Broadmeadow Court is the name of the care home in Newcastle-under-Lyme, Staffordshire where my mother resides.

National Health Service (NHS) Passion


I've travelled around the world a little on business and sometimes in general conversation the subject of health care has cropped up.  There is consensus among everyone I have spoken to that the UK has a brilliant health service and should be proud of the NHS. 

Coronavirus 2020

After witnessing the efforts being made by everyone in the NHS, I felt compelled to put up some 'tribute banners' at the Royal Stoke Hospital, which you can see in the images below.  I like the idea of a Bankzny moniker;-)  I should add that gratitude and respect is not solely directed towards NHS staff, but everyone putting themselves at risk or caring for vulnerable people.  One banner was published in my local newspaper as a positive counter-balance to the grotesque story being reported on, which can be viewed by following this link.

Clicking this link opens a PDF showing the creation of the above banner :-)

Big Can be Beautiful
I consider having a single organisation responsible for providing health care to an entire nation of 66 million people (2018) to be remarkable - the NHS employs over 1,600,000 staff.  In 2018 alone there were approximately 732,000 births and 611,000 deaths.  I find it astonishing how successful the NHS staff are at managing this churn despite their disparate and challenging IT systems, while retaining near excellence at the point of service delivery.

The People
Looking beyond the numbers game leads me to observe what I consider to be the true heart of the NHS - the people.  In my various times in UK hospitals, from minor ailments through to brain surgery I have rarely encountered staff who don't inspire trust and respect.  I've not met a single person in the UK who has had an unsatisfactory experience when faced with major surgery.  Regardless, I imagine everyone can tell a story about how a routine operation / appointment was cancelled or re-scheduled, resulting in personal inconvenience.  Yawn!

NHS Doctor's Tribute

The following paragraphs are taken from a book written by a former NHS doctor - click this link to access it on Amazon.

I would always feel tremendously proud to say that I worked for the NHS - who doesn’t love the NHS?  It’s unlike any other national asset; no one talks in fond tones about the Bank of England or would think any less of you if you suggested suing Cardiff Airport.  It’s easy to work out why: the NHS does the most amazing job and we’ve all benefited from it.  They delivered you when you were born and one day they’ll zip you up in a bag, but not until they’ve done everything that medical science will allow to keep you on the road.  From cradle to grave, just like your man Bevan promised back in 1948.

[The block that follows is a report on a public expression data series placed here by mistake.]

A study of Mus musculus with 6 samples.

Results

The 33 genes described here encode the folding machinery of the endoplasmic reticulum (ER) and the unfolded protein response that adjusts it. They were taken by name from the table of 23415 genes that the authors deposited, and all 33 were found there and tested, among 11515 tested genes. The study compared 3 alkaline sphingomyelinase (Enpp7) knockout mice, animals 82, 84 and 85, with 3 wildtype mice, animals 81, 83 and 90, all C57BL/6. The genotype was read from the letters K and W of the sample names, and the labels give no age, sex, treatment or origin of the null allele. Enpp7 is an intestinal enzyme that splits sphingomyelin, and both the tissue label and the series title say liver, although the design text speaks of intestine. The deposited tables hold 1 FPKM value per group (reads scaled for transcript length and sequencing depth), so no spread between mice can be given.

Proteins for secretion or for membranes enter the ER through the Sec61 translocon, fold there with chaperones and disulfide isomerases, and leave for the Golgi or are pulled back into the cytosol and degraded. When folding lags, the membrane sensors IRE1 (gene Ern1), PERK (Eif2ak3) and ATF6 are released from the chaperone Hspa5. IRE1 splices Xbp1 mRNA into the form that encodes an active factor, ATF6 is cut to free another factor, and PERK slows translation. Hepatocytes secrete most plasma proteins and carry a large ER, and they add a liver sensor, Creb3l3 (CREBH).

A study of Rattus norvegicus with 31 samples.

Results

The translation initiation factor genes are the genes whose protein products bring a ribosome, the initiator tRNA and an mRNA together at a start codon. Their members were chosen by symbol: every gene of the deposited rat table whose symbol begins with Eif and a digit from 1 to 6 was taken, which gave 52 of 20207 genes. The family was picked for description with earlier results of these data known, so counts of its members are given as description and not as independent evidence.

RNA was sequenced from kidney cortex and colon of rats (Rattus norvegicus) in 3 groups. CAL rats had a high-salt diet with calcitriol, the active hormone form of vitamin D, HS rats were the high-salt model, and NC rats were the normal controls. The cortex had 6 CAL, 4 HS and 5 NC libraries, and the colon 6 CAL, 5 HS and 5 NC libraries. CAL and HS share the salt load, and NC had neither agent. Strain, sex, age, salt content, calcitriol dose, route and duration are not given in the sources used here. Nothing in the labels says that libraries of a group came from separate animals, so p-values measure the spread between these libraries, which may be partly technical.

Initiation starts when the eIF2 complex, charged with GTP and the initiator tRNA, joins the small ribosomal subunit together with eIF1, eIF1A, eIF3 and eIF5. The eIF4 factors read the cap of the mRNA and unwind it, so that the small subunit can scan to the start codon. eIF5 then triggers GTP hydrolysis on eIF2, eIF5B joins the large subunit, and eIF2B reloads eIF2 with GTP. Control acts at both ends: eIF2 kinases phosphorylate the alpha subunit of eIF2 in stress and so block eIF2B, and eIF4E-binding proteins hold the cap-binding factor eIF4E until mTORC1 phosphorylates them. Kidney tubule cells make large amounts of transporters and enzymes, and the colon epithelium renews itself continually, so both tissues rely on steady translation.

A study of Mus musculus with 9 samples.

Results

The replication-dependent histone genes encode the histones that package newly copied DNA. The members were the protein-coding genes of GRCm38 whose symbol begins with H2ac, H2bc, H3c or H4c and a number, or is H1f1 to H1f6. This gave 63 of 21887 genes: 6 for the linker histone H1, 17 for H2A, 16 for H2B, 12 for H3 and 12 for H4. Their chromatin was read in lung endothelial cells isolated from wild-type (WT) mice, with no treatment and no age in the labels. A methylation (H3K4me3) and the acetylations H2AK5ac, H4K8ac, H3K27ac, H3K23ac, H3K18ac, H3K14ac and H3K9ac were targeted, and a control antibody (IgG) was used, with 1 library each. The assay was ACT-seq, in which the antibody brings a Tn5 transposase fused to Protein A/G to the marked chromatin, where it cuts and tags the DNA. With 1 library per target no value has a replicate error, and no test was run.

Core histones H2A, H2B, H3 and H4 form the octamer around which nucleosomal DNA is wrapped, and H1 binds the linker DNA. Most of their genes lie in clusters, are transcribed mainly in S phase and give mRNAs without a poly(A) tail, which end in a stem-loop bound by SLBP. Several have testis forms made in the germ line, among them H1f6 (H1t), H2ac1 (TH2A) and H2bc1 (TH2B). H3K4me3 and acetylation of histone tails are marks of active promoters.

They fixed your broken arm on sports day, they gave your nan chemo, they treated the chlamydia you brought back from Kavos, they started you on that inhaler, and all this wizardry was free at the point of service.  You don’t have to check your bank balance after booking an appointment: the NHS is always there for you.  On the other side of the fence, knowing you were working for the NHS took the sting out of so many things about the job: the vicious hours, the bureaucracy, the under-staffing, the way they inexplicably blocked Gmail on all the computers in one hospital I worked at (thanks, guys!).  I knew I was part of something good, important, irreplaceable, and so I did my bit.

I don’t have an amazing inbuilt work ethic, it’s not applied to anything I’ve ever done since, but the NHS is something special, and the alternative is horrifying.  We should see the skyscraper-high bills of America as the ghost of Christmas future when it comes to NHS privatization.  One day you’ll blink and the NHS will have completely evaporated - and if that blink turns out to be a stroke then you’re totally screwed.

Pam Ayres NHS Tribute

Pam Ayres, the poet and entertainer, wrote the NHS tribute that you can read below.  You can reach Pam Ayres' own web-site by clicking on this link.

I've been to other countries where you pray you don't get sick,
Where if you're taken ill, no kindly ambulance comes quick,
No motorbiking paramedic roaring through the rubble,
Where if you have no cash to pay then mister, you're in trouble.

We have a gentler system, which is comforting to all,
It strives for our wellbeing, be we elderly or small,
With expertise, professional, extended countrywide,
So, in an emergency, a world is at our side.

Consultants and anaesthetists and those who man the door,
Specialists and surgeons and the folk who mop the floor,
The porters and the nursing staff who labour night and day,
And never ask the patient if they have the means to pay.

A plague has come, a plague that's new, yet old, as old as time,
Formented out of suffering, and suffering, and cruelty, and grime,
With unimagined images which linger in the head,
Refrigerated trailers for the storage of the dead.

With calm and regulated care, staff with one accord,
Though fearing for their families, are working on the ward,
Where end-of-life care nurses, in their strange protective dress,
Hold a fading hand to dull the pain of loneliness.

Thanks to every doctor, every midwife, every nurse,
Every single worker in the flight for life immersed,
Whatever God you recognise, may your endeavours bless,
Sending love and gratitude to you. The NHS.

TBI Discharge Note

I authored a discharge note which I'd hoped could be made available to patients who are recovering from a brain injury - I've struggled to get the document into the NHS channel.  In the absence of a better approach, I've made the note available here by clicking on this link.